Some senators are rushing to get passed, before the end of the current Congress in January, a prison reform bill that advocates say could be the most substantial prison reform the United States has seen at the federal level in decades.
The FIRST STEP Act, a bill that primarily creates earned time credit incentives for federal inmates to participate in rehabilitative and vocational training programs that can prepare them for life after prison, has received backing from a number of lawmakers on both sides of the aisle, conservative evangelical leaders, and even President Donald Trump.
The 103-page legislation passed in a bipartisan fashion through the House earlier this year. But with less than a month left until the end of the 115th Congress and Democrats set to take control of the House in 2019, there appears to be disagreement over whether the bill has enough support from Republicans in the Senate to pass.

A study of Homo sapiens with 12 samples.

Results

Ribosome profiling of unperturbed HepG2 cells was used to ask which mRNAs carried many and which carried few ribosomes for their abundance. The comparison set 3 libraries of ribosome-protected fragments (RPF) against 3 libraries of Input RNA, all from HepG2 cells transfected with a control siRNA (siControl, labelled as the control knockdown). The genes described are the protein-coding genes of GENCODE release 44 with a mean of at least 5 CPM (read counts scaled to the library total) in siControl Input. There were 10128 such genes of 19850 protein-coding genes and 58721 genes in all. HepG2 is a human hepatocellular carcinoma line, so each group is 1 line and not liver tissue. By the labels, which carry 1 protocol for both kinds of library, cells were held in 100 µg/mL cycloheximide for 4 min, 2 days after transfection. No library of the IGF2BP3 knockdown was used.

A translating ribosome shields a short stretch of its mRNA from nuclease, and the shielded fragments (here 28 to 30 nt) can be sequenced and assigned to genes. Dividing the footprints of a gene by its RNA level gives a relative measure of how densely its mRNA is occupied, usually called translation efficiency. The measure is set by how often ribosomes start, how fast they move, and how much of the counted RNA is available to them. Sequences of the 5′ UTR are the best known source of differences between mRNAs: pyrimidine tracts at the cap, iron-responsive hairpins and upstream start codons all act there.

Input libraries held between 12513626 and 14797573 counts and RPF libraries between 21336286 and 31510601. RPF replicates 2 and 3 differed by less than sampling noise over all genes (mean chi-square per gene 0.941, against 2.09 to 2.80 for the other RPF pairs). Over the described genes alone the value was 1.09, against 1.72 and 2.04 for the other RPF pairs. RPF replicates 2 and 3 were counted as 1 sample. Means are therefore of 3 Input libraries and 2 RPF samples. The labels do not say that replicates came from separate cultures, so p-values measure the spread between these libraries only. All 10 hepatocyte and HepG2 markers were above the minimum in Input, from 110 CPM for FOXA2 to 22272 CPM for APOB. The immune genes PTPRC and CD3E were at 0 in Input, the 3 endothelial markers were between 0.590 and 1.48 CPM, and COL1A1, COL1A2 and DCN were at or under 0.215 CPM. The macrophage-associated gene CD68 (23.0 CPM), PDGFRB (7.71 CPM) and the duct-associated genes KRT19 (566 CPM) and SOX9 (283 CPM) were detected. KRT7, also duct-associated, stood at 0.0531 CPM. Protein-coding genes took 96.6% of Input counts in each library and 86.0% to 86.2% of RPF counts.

An amended Senate version that was released the Friday before Thanksgiving includes mandatory sentencing reform measures and other initiatives that Republican senators with a more hardline “tough on crime” approach do not favor.
Even though the bill is backed by conservative Utah Sen. Mike Lee, some conservative senators like Arkansas’ Tom Cotton have maintained their stiff opposition to the bill on claims that the bill would lead to the release of “thousands” of dangerous and violent criminals in federal prison.
While Senate Majority Leader Mitch McConnell doesn’t believe that the bill has enough Republican support in the Senate to pass before the end of the current Congress, Iowa Republican Chuck Grassley, chair of the Judiciary committee, disagrees.
As much has been written and said about the bill in the last few weeks as the 115th Congress winds down, the following pages include facts everyone should know about the FIRST STEP Act.